This past weekend I went on an annual girls’ trip with amazing women. We all look forward to this trip in the gorgeous Eastern Shore of Maryland where we eat, drink, laugh, and play outside. We also share advice on everything from work relations and parenting to skincare regimens and recipes.
Throughout the weekend, at least two of my friends asked me about their shoulders. A few of the comments included: “My rotator cuff hurts” and “When I lift my arm like this my shoulder hurts, for no reason.” As we started discussing the reason behind this pain, more and more people started joining our conversation. “You should do a post on this!” they all said seemingly in unison. These nine brilliant women came up with our new Stylebook series called:
“This is why your BLANK hurts” So welcome to the first post in the series of “This is why your BLANK hurts” Let’s get into it!
Although shoulder pain has many causes and can present many ways, a common cause in many “unexplained” cases in women is tight pec muscles. Women tend to have tight pecs for many reasons but all stem from poor posture. When the pecs are tight (both pectoralis major and minor for our anatomy buffs) the shoulder blade (scapula) is pulled out of alignment. This position change affects the shoulder because it is a “ball and socket joint” and the “socket” is located on the shoulder blade.
So when the blade is out of alignment, so is the socket. But, in order for the shoulder to work correctly, that ball and socket joint needs to maintain a proper connection! If not, it’s “Alexandria…we have a problem.”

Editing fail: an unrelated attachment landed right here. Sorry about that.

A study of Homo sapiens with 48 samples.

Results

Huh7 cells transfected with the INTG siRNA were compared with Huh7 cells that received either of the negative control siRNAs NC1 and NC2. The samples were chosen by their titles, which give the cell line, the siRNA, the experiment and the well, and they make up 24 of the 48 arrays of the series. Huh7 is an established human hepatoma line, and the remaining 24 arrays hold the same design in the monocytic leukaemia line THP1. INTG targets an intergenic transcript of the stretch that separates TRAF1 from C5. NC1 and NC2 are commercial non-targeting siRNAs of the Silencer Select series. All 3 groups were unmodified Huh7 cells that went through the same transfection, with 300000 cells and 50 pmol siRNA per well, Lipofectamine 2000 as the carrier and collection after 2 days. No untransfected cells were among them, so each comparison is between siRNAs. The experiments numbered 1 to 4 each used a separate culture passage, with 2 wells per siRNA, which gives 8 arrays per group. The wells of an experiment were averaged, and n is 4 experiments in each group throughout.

Well, have no fear, Mind the Mat is in the business of making connections. Follow these simple steps to stretch your pecs and you may not only prevent and reduce your shoulder pain, you will also have gorgeous posture for all of those off-shoulder fashion trends.
Mind the Mat Pilates & Yoga was founded in 2008 by Megan Brown, Doctor of Physical Therapy and Polestar Certified Practitioner of Pilates for Rehabilitation and Sara VanderGoot, Nationally Certified Massage Therapist and Registered Yoga Teacher (e-RYT 200, RYT 500). In their private practices as physical therapist and massage therapist respectively Megan and Sara observed that many of their clients were coming in with similar needs: relief for neck and shoulder tension and low back pain as well as a desire for more flexibility in hips and legs, stability in joints, and core strength.
Together Megan and Sara carefully crafted a curriculum of Pilates and yoga classes to address needs for clients who are pregnant, postpartum, have injuries or limitations, who are new to Pilates and yoga, and for those who are advanced students and are looking for an extra challenge.